40 miles : 564 miles
Today was half bike, half rest day. We got up and breakfeasted (no, that is not a typo) on cnJudy’s eggs and potatoes with copious cups of coffee. Packed up and headed out around our usual take off time of 9:15 am towards Two Harbors, which we reached in no time at all. One quick stop at the laundromat to take advantage if their free wifi one last time and upload yesterday’s blog post. Within ten minutes, we were back on the road and headed north.
All in all, the ride was short, chilly and beautiful. We were able to take a paved trail for much of the way. This had several advantages.
First, we avoided a tunnel and instead headed out and up Silver Cliff on the old highway, now converted to a pedestrian/bike path.
Second, a few miles later we avoided major road construction bypassing the dusty, dangerous mess almost completely. We did investigate the new Split Rock Lighthouse viewing rest stop under construction before backtracking back to the path.
Third, we rolled up and down the scenic path far away from the line of cars headed south, their fun all done. Instead, we enjoyed moving into week 2 of the trip. Week 2 is important because it is when biking feels like the norm, and the rest of the world is the diversion. It is when you wake up based on your internal clock (which depends on the amount of activity done, the numbers of hours asleep, and the time the sun rises), rather than the beep beep of an alarm. Week 2 is when you stop thinking about your ass and take pleasure in your knee and arm warmers. It is when you forget about what clothes are hanging in your closet and focus on what jersey and short smell the best. Week 2 is cool because it makes the beginning days of the trip seem a long time ago.
But before I could get very far into these musings, we pulled into Tettegouche State Park and it was just past 12:30. We set up camp–Mike went a little Bam-Bam on me.
Soon, David and Judy came walking up the path to our sweet walk in campground with LUNCH! Just because I only rode 40 miles, doesn’t mean I can’t throw down! They had a spread! Smoked fish. Hummus. Crackers. Dip. Fruit. Cheese. Yum!
From there, we packed into their car and drove south-past what we had just ridden. We checked out Shovel Point (see Mike’s reminiscences about climbing there).
Then Gooseberry Falls, which are a series of beautiful short waterfalls just off the highway.
There was a nature guide there with a display about earthworms being invasive to the area and generally a bad thing for the forest. This was the first time I had heard an anti-worm story, will have to research more fully since I am generally a pro-worm, composting kind of gal.
It was at Gooseberry Falls where the trip drew it’s first blood. I stubbed my big toe but HARD on a rock in the middle of the trail. Lovely gusher of a cut just at the base of the nail. No tears though. And we got it clotted and bandaged up so hopefully it won’t be an issue tomorrow. For the squeamish, no pic.
We then hit Split Rock Lighthouse which was beautiful and iconic. Looks like a lighthouse should look like. It was the first lighthouse designed by Tinkman who went on to become the chief lighthouse engineer. Built in 1909-1910, after the massive 1905 storm, it has a huge stage three frensel lens that blinks white every ten seconds. The lighthouse precedes the road by 15 years so they had to hoist everything for the construction and other supplies up the 100 feet of vertical cliff from the water’s edge. Crazy. After the road was built, it became the most visited lighthouse in the country. (Guess midwesterners had nothing better to see.). It is really something to see and the three keeper houses are lovely as well. We have some great pics but they are on the real camera so will have to wait until we get home to upload. Til then, the iPhone pics will have to suffice.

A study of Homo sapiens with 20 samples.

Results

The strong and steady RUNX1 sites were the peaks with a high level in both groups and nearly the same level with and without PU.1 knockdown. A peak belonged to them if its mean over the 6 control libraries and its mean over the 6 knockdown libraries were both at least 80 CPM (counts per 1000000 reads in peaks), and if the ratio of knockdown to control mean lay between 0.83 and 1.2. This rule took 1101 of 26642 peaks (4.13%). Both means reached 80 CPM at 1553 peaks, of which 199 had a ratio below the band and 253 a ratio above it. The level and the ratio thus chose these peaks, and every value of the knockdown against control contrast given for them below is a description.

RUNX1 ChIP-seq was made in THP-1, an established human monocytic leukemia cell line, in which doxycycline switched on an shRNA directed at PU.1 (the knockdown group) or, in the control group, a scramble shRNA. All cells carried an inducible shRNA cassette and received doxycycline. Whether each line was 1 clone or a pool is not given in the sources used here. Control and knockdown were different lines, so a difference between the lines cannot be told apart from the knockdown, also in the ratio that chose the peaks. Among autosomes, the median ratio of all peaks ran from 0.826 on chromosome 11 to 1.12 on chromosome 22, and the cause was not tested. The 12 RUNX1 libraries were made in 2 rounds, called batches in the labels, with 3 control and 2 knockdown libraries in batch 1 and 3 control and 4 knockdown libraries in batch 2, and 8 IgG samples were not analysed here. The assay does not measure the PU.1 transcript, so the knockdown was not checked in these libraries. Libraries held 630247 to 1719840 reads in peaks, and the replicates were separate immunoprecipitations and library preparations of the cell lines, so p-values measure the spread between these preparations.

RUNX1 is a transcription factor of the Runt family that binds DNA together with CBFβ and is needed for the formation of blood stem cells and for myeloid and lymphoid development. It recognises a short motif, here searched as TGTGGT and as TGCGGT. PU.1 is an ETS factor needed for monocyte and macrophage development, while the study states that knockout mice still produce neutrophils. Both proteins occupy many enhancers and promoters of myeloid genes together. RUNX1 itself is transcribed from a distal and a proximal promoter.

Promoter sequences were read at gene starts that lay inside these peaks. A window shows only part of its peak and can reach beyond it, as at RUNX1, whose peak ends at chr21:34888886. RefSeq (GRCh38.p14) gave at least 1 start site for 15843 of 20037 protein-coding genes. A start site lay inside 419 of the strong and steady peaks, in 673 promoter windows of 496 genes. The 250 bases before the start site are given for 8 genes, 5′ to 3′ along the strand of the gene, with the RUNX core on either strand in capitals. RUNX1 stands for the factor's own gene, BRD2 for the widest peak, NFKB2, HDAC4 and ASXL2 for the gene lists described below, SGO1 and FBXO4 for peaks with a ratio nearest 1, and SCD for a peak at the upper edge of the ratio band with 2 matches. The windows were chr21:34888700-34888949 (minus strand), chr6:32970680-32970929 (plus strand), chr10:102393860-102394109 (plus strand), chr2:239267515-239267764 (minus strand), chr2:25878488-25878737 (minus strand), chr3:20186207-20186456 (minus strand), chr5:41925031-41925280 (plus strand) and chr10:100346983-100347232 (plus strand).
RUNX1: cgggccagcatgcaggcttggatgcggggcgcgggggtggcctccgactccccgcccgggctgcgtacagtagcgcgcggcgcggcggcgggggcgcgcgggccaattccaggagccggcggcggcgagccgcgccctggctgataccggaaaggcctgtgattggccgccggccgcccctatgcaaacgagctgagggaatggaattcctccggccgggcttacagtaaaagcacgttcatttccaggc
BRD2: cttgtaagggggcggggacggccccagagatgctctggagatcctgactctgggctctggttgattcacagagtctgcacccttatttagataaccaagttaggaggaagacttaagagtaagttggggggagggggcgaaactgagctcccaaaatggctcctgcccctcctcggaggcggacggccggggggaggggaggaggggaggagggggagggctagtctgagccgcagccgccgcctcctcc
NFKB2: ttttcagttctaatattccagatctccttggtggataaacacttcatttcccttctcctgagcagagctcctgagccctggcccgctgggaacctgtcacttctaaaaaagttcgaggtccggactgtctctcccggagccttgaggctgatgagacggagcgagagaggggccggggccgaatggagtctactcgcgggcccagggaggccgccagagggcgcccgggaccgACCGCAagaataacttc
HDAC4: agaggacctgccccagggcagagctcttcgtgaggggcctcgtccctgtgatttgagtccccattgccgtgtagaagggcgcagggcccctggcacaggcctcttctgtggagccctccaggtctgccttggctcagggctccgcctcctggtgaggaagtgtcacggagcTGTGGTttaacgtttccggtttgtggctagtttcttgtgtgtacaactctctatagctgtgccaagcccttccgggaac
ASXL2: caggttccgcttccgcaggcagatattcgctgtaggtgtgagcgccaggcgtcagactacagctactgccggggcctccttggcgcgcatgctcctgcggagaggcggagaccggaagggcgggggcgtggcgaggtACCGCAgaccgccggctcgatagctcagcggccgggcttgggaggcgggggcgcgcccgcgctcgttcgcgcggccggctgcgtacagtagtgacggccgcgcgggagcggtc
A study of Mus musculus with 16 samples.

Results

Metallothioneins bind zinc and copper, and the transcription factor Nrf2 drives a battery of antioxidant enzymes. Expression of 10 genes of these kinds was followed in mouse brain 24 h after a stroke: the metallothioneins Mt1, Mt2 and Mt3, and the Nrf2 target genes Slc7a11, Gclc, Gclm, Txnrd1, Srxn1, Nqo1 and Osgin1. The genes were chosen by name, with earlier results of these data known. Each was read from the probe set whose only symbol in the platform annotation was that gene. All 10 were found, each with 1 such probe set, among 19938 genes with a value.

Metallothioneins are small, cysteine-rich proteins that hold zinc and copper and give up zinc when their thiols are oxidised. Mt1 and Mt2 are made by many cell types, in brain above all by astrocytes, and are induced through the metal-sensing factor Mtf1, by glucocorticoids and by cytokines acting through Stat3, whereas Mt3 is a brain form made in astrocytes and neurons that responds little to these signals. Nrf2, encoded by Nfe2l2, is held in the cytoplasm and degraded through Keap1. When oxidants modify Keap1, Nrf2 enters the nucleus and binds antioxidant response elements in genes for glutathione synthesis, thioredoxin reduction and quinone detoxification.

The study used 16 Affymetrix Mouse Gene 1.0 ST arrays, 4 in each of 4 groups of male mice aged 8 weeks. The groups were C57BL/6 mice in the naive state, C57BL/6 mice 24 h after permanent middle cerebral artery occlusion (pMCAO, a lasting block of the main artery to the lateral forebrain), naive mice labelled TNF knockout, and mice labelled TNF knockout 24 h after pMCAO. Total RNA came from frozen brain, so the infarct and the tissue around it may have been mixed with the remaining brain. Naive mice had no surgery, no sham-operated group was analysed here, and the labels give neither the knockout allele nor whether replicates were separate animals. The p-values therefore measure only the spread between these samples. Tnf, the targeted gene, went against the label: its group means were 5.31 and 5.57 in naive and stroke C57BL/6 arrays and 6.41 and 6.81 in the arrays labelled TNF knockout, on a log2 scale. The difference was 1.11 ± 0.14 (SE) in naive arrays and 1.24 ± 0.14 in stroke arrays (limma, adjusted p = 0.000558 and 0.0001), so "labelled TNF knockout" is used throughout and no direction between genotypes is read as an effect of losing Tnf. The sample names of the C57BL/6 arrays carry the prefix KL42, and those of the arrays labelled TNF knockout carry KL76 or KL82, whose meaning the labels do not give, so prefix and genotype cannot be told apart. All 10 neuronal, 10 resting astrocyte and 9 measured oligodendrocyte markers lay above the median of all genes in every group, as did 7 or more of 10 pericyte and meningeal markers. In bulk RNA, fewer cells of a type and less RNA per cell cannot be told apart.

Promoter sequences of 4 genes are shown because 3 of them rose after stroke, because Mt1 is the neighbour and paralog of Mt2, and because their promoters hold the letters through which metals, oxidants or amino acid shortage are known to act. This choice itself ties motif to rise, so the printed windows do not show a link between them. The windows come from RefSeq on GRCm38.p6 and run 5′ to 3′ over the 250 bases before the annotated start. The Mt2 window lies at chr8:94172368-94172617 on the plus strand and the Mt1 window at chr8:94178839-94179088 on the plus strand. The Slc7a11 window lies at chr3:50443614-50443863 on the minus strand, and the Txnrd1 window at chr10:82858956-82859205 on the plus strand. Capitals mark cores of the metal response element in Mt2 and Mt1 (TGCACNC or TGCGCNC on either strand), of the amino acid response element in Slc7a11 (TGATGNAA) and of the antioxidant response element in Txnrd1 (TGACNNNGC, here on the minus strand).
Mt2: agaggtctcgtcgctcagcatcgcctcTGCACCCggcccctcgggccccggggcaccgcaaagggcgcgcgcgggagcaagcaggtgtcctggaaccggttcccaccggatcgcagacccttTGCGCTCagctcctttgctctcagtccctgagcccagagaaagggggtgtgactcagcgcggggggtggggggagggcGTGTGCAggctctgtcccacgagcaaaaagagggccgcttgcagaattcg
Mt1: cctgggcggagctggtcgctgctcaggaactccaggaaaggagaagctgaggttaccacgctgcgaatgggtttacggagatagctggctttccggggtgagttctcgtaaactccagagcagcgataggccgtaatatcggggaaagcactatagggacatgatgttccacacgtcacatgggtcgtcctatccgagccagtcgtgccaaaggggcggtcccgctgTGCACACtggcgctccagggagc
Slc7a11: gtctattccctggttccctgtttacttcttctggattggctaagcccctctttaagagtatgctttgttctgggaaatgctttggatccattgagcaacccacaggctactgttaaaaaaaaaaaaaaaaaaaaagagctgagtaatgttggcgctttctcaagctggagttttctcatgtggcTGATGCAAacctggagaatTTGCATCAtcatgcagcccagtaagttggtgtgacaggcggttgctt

History lesson learned, we parted from David and Judy and am now happily fed, warmed by the fire, and ready to cream Mike in cribbage.
Quick postscript from m!ke:
My first trip to the north shore was with my folks when I was 12 or so. They booked a cabin at a place that is now owned by DNR – the heir of the prime land didn’t want to maintain cabins so he donated the land to the state on the condition it not be developed. It’s prime land between split rock and gooseberry falls. Dad and I hiked out there quickly today and while I couldn’t recall specific landmarks it felt like what I remembered. Those memories were of land at the edge of water, transition, the action of the waves, the history of rocks, the power of the natural world. As an adult, I now understand that renting a cabin like that was probably a financial stretch for my folks at the time, but it planted a seed of love for this area that sprouts over and over again – this week included.
It was cool to revisit that spot again and, while the cabins are gone, others are here for people to have the same experience and twin points is available for all to see.
After that trip, several geology field trips and climbing trips with Brady sometimes and Bo others brought me back here. I’ve sneak camped in a new housing development near here in a downpour, slept in the car at Palisade head in the sleet, and climbed at shovel point in freezing rain and howling cold wind. Every time I’m here it’s different but I always want to return and for the 20 years I’ve known chandra I’ve wanted to bring her here to share the wonder of this place.
So – the great cool and mellow ride today and sightseeing with chandra and my folks makes something feel complete for me. Tomorrow brings 75 miles with a forecast of sunny skies and a tailwind and 70 degrees F. Its bittersweet as chandra described the entrance into week two which is bliss, but knowing tomorrow is the last long riding day. I guess that means we need to savor it. That can be done!